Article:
Not that my situation is a lot different than the rest of you gardeners/homesteaders/trying-to-be-self-sufficienters, but throw in a few other difficulties and stresses that one encounters in everyday life . . . and I've just been too busy lately. Too busy to keep up with correspondence, harvesting, processing, homemaking and doing all the rest I want to do. Night before last I had terrible, awful nightmares all night long and woke up feeling dreadful physically and sporting an ugly attitude. How much more of a wake-up call do I need to realize some changes need to be made?
I talked to myself all day yesterday and think I have things going in a better direction. My self-analysis and pep talk must have accomplished something, because I had a pretty good night's sleep last night and don't feel like biting anybody's (man or beast) head off this morning. So far.
My green pepper plants have done wonderfully, although they were "babied" under a cold frame for most of the growing season. I've harvested some with holes and a few misshapen ones, chopped them and put them in the freezer for use in soups, casseroles, etc. this winter. I still have to do the main harvest and make them into Stuffed Green Peppers for the freezer.
We've been blessed with oodles and oodles of luscious salad greens most of the summer. Swiss chard, arugula, mizuna mustard, kale and lettuce is still coming along.
The yellow and red onions look to be large in size this year. I haven't harvested them yet. The tops have toppled over but are still mostly green, so I'm squeezing all the growing time out for them that I can.
I have more slicing and lemon cucumbers than we can eat, I can ferment or give away. I've never had lemon cukes grow so prolifically.
Our garlic harvest was fantastic. I think I will be giving small bags of garlic as Christmas presents. (Kidding.) We will never consume all of it fresh so I may be dehydrating some of it.
Potatoes, carrots and some beets are still in the dirt. The beets I've already processed have been beautiful. Very scab-free and perfectly formed. I'm expecting the potatoes and carrots to be a heavy harvest. We'll hold them in the garden as long as we can. Then they'll be stored in our root cellar which isn't cold enough yet even though we've been using the air exchange fan to bring in the cool night time air.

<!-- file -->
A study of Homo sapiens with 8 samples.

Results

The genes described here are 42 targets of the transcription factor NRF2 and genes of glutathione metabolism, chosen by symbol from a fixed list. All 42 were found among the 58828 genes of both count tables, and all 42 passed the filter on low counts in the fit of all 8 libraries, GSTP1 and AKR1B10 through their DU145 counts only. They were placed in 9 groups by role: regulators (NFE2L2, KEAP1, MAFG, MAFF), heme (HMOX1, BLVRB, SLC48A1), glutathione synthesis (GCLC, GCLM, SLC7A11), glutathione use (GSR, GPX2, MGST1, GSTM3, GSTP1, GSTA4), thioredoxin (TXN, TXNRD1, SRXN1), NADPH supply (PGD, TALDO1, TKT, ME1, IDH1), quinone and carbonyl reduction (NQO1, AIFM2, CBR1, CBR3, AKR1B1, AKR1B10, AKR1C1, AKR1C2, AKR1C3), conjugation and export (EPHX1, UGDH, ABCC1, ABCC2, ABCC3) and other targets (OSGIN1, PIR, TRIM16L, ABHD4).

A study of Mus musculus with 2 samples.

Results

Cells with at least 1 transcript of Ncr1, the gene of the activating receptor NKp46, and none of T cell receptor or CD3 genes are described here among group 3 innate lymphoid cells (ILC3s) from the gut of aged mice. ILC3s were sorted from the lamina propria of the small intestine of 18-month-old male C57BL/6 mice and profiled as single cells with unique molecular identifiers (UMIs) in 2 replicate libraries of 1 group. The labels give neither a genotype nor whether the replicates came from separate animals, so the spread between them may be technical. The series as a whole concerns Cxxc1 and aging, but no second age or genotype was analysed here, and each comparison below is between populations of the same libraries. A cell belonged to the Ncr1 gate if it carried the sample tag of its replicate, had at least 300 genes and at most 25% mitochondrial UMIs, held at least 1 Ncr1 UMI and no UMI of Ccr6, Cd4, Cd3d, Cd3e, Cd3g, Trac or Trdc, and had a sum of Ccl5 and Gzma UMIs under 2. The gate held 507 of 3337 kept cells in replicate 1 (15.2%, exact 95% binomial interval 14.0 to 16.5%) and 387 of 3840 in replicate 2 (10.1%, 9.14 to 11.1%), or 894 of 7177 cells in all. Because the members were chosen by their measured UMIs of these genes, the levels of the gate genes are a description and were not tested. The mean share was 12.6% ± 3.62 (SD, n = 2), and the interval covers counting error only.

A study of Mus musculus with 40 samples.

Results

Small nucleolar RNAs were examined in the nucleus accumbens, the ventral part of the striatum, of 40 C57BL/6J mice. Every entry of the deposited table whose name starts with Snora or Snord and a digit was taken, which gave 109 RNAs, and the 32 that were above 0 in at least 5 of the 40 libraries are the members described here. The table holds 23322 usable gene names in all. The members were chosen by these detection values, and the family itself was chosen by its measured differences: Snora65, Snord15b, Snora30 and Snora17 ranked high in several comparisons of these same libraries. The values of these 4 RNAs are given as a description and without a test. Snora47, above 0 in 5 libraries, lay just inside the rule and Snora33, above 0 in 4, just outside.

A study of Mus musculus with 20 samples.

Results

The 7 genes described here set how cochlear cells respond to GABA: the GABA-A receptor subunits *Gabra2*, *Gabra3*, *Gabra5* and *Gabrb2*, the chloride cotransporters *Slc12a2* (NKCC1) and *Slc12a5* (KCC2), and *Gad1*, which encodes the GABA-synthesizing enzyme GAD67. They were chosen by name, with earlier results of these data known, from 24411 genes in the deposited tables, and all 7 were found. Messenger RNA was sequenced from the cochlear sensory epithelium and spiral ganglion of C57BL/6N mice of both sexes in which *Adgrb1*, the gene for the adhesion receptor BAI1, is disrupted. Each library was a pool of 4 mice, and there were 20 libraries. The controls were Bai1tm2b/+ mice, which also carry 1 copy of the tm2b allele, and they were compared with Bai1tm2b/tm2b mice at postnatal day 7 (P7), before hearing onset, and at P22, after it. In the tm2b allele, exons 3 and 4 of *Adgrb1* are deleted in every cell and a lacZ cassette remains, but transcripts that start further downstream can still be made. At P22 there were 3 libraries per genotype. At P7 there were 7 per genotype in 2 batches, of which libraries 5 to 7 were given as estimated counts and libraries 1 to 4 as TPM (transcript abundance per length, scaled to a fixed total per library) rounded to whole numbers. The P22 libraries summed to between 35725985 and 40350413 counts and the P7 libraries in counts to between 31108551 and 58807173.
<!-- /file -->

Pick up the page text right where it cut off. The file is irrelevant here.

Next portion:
I harvested and we ate the last of the radishes just last week. I did succession plantings of them all summer long and because of the lack of any sustained hot weather, they grew like gangbusters.
I haven't put by as many shell peas as last year, but I did plant and freeze sugar snap peas which puts us way over our "pea quota" for the ensuing months. No problem there.
My green beans never got a chance to do all they could because of the mold that decided to attack them. However, the yellow wax beans produced so well we won't be suffering any bean shortage.
Cabbage, both red and green, grew exceptionally well, and I've fermented a lot of it over the summer and will store the remaining heads in the root cellar where they kept very well last winter.
The bulk of the Brussels sprouts are still in the garden. Supposedly, they become sweeter with a light frost, but I'll be harvesting all of them soon, I'm guessing. It was a good year for them, and they were prolific.
Last but not least, our blueberry bushes continue to bear so heavily I'm afraid the frost will zap the remaining berries before they have a chance to ripen. This year they have been outstanding.
So you can see our good, ol' garden has come through for us and there would be no way we would starve this winter even if we never left home to buy food!
too busy living the life I've chosen.